Although older adults often experience a slight decline in their cognitive abilities, healthy adults of all ages typically retain strong short-term memory and concentration skills. Developing a deficit in memory or concentration may signify a medical or psychological impairment. Consult your physician for advice if you experience difficulty concentrating or remembering information. A neuropsychological evaluation may help to pinpoint the origin of these difficulties.
Licensed neuropsychologists assess people with memory and concentration problems to determine the extent of their deficits. A neuropsychologist administers a series of special tests to detect deficits in memory, concentration, problem solving, visual-spatial processing and other cognitive abilities. Tests to assess short-term memory loss include the California Verbal Learning Test, Mini Mental Status Examination, Rey-Osterrieth Complex Figure Test and the Weschler Memory Scale. Neuropsychological tests of concentration ability include digit vigilance tasks, the Continuous Performance Test and trail-making tests. Some of these tests are administered using a computer, while others are paper-and-pencil tests.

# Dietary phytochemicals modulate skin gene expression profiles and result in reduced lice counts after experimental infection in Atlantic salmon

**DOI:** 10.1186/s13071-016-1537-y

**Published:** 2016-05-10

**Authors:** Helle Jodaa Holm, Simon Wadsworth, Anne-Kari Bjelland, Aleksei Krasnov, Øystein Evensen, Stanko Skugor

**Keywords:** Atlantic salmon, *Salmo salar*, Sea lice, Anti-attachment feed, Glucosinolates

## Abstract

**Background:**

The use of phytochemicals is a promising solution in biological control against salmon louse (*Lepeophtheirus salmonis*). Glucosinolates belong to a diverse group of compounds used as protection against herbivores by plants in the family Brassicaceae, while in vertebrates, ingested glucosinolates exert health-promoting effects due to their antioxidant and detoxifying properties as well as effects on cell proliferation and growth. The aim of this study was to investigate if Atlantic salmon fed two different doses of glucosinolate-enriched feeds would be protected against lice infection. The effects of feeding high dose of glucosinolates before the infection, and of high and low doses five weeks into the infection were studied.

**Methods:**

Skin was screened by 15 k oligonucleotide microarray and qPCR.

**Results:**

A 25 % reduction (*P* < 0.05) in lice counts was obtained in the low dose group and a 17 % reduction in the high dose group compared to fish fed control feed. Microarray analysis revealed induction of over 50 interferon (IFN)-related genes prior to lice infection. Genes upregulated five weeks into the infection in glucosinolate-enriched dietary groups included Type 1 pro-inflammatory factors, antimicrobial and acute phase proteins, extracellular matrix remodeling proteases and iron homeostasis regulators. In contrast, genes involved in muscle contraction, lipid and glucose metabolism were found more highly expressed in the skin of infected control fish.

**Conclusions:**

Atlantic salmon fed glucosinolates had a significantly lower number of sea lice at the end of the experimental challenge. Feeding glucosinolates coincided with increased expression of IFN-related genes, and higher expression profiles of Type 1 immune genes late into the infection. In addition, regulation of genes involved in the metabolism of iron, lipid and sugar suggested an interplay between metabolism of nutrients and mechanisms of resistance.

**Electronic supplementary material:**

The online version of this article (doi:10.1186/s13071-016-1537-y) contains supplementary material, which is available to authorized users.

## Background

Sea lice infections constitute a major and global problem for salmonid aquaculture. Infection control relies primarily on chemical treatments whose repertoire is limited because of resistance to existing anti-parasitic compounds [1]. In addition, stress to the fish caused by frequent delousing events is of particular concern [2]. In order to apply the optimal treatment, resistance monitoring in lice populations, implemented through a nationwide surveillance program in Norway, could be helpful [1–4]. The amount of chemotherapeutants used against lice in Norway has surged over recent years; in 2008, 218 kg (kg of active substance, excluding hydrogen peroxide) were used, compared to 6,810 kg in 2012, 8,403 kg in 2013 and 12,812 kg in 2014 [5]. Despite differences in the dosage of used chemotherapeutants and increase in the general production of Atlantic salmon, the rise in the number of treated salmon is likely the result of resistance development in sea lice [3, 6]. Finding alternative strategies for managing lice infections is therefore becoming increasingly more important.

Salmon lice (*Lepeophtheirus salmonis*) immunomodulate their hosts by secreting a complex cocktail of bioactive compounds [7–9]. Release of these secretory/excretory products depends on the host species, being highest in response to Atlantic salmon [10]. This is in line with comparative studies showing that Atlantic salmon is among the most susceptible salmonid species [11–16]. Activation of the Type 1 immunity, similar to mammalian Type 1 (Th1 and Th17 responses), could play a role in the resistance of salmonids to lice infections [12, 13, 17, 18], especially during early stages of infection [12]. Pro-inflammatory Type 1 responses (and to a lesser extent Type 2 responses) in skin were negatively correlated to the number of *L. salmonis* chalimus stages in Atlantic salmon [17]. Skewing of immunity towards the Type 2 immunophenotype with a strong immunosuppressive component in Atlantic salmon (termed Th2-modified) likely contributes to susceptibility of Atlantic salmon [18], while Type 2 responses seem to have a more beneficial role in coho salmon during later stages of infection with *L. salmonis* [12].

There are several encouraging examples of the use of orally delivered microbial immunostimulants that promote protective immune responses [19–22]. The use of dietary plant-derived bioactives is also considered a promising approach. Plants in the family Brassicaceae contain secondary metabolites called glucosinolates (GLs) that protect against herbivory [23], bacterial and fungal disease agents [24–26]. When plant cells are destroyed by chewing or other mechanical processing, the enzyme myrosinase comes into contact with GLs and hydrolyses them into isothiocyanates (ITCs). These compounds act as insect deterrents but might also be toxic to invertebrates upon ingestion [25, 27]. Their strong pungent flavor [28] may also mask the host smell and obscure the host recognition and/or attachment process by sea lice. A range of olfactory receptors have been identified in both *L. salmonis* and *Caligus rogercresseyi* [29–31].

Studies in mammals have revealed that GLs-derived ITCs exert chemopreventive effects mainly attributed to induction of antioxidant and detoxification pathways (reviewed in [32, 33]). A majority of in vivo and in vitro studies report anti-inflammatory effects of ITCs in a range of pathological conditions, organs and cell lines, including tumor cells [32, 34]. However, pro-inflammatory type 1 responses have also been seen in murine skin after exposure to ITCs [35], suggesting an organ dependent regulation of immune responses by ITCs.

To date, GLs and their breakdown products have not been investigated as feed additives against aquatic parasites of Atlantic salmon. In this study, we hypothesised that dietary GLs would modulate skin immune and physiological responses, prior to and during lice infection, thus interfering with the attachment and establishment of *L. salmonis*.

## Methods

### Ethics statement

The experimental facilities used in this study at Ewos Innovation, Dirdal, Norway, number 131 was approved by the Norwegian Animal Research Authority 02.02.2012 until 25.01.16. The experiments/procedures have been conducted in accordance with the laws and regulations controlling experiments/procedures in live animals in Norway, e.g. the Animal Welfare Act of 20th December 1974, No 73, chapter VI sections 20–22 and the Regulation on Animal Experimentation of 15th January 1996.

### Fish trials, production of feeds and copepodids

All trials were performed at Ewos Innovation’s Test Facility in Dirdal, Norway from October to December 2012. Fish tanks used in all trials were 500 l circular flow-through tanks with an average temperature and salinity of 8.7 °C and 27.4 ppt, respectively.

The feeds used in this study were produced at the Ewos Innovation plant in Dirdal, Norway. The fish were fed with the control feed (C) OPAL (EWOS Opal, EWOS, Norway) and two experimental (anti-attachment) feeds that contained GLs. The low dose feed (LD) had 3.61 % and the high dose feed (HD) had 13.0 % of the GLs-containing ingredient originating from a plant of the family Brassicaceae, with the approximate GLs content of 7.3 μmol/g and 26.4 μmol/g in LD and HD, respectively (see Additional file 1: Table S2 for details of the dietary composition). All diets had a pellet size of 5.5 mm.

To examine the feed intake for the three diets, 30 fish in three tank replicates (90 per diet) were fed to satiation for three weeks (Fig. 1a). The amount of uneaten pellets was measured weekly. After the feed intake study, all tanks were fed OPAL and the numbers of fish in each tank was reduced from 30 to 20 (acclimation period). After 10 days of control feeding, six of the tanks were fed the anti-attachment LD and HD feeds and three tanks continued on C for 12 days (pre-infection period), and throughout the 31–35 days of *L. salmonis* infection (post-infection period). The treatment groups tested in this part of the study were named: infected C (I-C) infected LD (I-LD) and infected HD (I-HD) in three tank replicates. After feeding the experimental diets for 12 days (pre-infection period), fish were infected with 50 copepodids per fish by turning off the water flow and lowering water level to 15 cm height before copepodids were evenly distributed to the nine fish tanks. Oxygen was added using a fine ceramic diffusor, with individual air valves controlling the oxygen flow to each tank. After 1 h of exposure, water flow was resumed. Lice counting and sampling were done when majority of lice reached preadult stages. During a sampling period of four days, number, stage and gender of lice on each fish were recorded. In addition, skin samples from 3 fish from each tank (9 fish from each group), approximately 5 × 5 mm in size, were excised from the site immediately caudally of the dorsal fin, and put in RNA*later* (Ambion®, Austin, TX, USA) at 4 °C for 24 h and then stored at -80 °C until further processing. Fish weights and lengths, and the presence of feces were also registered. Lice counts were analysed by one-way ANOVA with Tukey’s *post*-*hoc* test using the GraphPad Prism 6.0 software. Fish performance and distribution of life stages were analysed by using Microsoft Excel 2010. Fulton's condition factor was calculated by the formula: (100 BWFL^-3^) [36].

Mild Cognitive Impairment
Mild cognitive impairment--or MCI--is a diagnosis given to some older adults with memory or concentration problems. Unlike normal ageing, people with MCI experience significant deficits in short-term memory, attention and their ability to organise complicated information. Some people with MCI eventually develop dementia. If you begin to experience memory and concentration problems as an older adult, get screened for MCI so a physician can monitor your mental status.
Not all people with short-term memory loss or concentration problems develop dementia or other cognitive disorders. Minor cognitive problems can result from stress, anxiety, depression or trauma. Mild deficits in memory and concentration may be alleviated by engaging in certain cognitive activities. A study performed by the Mayo Clinic found that reading books, performing craft activities and playing games improves cognitive functioning. Keep your brain active to prevent further declines in short-term memory or concentration.